So you have a lot of data from something. What’s happens next? Where does the data go after point of capture? The data in question could be analytics gathered from application performance, click logs from a website, search data from a search engine, traffic flow data from a state agency–the point being that there is a lot of it. The given examples share use cases with some of the things covered by the much abused phrase “big data“, this post will touch on that concept lightly. The main point of today’s post though is to briefly cover one approach to thinking about how to store a bunch of data whatever it happens to be.
We will start with something that is almost a tautology: Broadly determining how the data will be used is an important consideration that should influence how the data is stored. The question we are trying to answer then is are we trying to
slice the data set into small chucks that can be dynamically presented to an end client or are we trying to aggregate the data set into categories for offline presentation. Determining the choice between slicing and aggregating requires determining what the end users of the system are trying to achieve. Take search data for example, a broad aggregate might show an increased interest in meat free foods by aggregating counts of similar search terms over time. On the other hand a more specific query might reveal what travel related terms users in the Pacific Northwest are searching for after work. In the former scenario my data system needs to trawl through the entire source data set looking for a specific set of terms and counting them. In the other use case my data system might need an index into the data set that returns a small number of items very quickly.
Of course it would be a lie to say that there is really a solid, distinct split between slicing data on the left and trawling through it on the right. The real world is messy, for example a middle of the road use case that blends the two examples above: A marketer is first interested in the daily search trends of users for an entire year to determine what time of day users most often purchase vacations, then the marketer is secondarily interested in seeing top travel search term reports for those times of day. So instead of more strained cleaver and ocean trawler analogy pictures we have the following:
So what’s the point of thinking about slicing versus aggregating? Systems that can handle large quantities of data often come with trade-offs that make them better at one kind of task than another. On one of my more recent projects we found DynamoDB is great at slicing into very large sets of data. Dynamo provides up to five global indices that give quick access into data sets of (a reasonably) unrestricted size. We also found that Dynamo was not the ideal storage location to read the entire data set out of for aggregate operations because scans across large Dynamo tables are relatively slow and expensive. Dynamo worked well for the project though since the goal was to drive a UI with small sets of records queried from a much larger source set.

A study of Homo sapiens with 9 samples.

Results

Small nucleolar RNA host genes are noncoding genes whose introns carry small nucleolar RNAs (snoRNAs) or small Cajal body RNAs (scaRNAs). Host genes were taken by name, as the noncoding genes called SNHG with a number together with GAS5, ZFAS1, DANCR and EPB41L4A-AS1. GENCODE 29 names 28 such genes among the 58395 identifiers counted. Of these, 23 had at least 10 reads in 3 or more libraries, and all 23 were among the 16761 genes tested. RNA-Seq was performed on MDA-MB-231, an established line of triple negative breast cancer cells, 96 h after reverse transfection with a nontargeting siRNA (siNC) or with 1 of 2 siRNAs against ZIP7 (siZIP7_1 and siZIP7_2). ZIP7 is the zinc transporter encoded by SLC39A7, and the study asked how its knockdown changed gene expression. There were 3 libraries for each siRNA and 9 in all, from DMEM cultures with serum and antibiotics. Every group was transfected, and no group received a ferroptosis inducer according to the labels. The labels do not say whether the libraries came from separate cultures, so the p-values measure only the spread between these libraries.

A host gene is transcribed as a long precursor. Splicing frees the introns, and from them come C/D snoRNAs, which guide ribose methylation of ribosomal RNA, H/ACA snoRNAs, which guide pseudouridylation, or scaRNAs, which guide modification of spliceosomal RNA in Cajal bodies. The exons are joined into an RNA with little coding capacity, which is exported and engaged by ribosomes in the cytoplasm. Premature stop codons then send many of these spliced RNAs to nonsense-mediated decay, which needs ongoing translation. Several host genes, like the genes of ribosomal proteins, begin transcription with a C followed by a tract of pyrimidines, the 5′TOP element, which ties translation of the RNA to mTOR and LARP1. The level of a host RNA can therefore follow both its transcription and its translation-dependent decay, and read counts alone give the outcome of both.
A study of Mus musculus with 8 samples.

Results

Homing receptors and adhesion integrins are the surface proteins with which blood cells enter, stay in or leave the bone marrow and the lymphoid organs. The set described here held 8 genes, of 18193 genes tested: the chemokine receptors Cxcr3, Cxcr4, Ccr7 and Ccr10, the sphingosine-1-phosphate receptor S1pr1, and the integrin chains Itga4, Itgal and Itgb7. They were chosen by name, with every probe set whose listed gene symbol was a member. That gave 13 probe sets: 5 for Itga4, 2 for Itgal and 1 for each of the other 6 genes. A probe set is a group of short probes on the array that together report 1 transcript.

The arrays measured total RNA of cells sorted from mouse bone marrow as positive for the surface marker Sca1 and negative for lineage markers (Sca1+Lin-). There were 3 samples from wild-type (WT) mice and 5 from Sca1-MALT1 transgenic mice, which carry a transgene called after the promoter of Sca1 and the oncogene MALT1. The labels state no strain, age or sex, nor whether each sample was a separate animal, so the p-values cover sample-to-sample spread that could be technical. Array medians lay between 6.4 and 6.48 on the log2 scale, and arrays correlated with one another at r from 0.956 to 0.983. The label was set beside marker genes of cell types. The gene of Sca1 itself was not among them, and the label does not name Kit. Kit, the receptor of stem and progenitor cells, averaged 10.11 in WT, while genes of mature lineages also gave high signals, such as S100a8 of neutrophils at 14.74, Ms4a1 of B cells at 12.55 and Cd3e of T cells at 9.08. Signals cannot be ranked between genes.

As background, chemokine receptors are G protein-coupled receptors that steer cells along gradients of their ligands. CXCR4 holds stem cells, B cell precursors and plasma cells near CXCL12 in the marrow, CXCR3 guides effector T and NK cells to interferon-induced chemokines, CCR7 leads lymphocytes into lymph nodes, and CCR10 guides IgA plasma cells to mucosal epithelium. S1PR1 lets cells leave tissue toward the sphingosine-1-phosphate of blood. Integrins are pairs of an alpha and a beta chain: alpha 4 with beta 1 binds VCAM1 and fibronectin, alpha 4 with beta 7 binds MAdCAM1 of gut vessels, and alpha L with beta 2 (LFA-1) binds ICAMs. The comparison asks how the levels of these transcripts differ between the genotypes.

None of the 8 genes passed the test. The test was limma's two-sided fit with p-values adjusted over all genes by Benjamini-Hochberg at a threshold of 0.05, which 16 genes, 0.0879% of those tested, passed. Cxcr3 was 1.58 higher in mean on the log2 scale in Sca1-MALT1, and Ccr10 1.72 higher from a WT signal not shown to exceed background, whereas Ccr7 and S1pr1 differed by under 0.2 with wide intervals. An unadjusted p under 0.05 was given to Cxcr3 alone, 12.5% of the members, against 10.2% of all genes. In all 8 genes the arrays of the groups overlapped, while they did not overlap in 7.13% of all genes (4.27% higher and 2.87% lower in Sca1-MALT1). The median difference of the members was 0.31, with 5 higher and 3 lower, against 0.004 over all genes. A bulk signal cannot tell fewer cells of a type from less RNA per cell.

On the other end of spectrum are Map Reduce frameworks (we’ll ignore projects like Apache Drill for now since they are still fairly new). The raison d’être for map reduce is to process large volumes of data and often run aggregate queries against that data set. In these frameworks the aggregate queries being run make reading the entire data a requirement.
As a system implementer the best thing I can do is ask questions to determine the correct trade offs to make when selecting databases. Once I know the trade offs that need to be made for an implementation then I can pick a good database. The following questions can help to discriminate between slicing and aggregating:
- What level of granularity of information is useful to the user? Going to the clickstream example, does a end user of the proposed data system care that a user #1243 clicked the ‘yes’ button at 11:34AM or does the end user care that 600 more individuals clicked ‘yes’ between 11:00-12:00 than between 12:00-13:00?
- It is worth noting that regardless of the answer to the above question both given examples require storing information at the most granular level in the system. The only difference is how the information is presented to the user.
- What kind of user experience is the data set driving? A tool that promotes information discovery (along predefined indices) has to be responsive to queries in order to be effective. Alternatively, a dashboard with a set predefined metrics does not require (as great) responsiveness as an information discovery tool.
- How fast is the underlying data set changing? A slow to respond data system can be aided by caching results when the underlying data set has a slow rate of change. On the other hand queries against as faster changing data set will require a more frequently updated caching solution to return valid results.